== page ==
WASHINGTON: As the Pentagon continues to build up its AirSea Battle strategy, the Marine Corps is working hard to make sure they are not left out of that plan.
The amphibious capabilities the Marines bring “can’t be left out” of the ongoing AirSea battle debate, Lt. Gen Richard Mills, commander of Marine Corps Combat Development Command, said yesterday. The Marines and their Navy counterparts in the amphibious fleet — known as the Gator Navy inside the services — “play at each and every level” of combat operations, Mills said during his speech at the Surface Navy Association’s annual conference in Arlington. Marine Corps assets wage war in the air, on land and at sea, Mills pointed out. That kind ability to fight across all three areas make the Marines invaluable to any AirSea strategy developed by the Pentagon. The AirSea Battle strategy is a new concept that will redefine how sea and air assets fly and fight in the future. Once complete, the plan will likely serve as the blueprint for any potential military operations in the Western Pacific.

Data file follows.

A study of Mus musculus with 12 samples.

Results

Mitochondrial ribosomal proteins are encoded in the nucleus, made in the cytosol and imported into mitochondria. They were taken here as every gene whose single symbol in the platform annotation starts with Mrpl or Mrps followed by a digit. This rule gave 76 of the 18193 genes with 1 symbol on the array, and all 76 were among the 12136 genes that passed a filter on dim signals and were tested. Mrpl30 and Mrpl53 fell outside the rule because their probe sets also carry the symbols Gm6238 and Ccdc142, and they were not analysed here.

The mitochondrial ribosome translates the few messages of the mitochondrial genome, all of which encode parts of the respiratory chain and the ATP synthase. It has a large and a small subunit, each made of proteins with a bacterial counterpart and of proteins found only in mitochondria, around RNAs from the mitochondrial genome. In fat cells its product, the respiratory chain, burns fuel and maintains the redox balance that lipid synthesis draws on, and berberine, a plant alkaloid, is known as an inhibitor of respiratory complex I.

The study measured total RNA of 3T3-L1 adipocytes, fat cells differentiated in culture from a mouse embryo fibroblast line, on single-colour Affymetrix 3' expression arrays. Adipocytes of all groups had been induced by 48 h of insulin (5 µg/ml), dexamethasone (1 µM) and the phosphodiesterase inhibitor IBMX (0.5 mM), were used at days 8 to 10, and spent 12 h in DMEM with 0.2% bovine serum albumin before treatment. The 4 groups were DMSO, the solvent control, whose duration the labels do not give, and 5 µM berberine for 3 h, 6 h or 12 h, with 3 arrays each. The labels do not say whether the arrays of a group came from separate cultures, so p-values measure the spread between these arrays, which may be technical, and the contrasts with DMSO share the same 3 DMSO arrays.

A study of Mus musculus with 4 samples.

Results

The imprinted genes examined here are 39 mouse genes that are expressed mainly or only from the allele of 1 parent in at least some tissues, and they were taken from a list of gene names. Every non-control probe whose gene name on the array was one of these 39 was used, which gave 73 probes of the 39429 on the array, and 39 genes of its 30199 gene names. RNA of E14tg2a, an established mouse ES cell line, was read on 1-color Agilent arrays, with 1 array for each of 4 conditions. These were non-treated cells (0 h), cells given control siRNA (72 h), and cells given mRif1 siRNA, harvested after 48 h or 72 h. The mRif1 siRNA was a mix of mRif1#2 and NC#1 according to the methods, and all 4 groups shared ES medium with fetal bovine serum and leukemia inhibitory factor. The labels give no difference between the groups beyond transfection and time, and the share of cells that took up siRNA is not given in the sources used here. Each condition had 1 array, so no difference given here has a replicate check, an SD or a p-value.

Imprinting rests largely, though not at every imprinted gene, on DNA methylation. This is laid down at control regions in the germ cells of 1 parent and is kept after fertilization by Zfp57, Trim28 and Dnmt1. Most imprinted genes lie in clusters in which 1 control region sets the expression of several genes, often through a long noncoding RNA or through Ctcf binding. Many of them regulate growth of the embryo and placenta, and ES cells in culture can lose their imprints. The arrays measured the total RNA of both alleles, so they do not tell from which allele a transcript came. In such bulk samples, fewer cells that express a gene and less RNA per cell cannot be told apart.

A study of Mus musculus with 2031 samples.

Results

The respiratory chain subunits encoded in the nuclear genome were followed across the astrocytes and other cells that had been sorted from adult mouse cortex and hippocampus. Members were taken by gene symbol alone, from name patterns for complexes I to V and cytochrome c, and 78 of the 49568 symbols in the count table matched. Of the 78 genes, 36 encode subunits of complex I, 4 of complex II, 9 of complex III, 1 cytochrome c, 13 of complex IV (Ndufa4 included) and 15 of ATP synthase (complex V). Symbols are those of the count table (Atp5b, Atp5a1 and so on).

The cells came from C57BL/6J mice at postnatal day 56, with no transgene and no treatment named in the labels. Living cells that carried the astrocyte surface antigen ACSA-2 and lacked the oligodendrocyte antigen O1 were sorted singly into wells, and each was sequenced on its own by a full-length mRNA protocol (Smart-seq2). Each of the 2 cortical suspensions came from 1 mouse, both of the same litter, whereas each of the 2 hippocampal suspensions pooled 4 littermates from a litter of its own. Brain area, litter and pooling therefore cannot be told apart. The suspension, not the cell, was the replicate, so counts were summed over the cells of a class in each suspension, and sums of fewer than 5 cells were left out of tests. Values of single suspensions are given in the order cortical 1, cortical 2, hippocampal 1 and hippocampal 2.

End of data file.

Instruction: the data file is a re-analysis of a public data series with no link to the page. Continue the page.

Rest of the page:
Mills’ comments were not in response to any notion within the Corps they had been unfairly sidelined by the department or other services in the AirSea Battle debate, the three-star general told me after his speech. The new Pentagon office created in November to flesh out the AirSea concept has Marines at the table, Mills pointed out. That said, AirSea planners may not be leveraging the the inherent combat capabilities within the Corps as much as they could be, according to Mills. The Marines’ play for an AirSea Battle role comes as the Army is making efforts to get in on the ground floor of the strategy.
Army leaders have been harping recently on the threat of China in the Western Pacific during senior-level talks held late last year. With Army and Marine Corps forces are set to shrink over the coming decade as combat operations wind down in Southwest Asia, both services are both eying roles in the Pacific. Marine Corps leaders have been working with their Army counterparts on amphibious operations, Mills told Breaking Defense. That work has focused on a number of potential combat scenarios where Army and Marine Corps forces could would in tandem. One example is how Army air assault units could help Marine amphibious forces secure a beachhead, Mills explained. This type of cooperation goes back to World War II, when both services cooperated closely on operations in the Pacific and European theaters.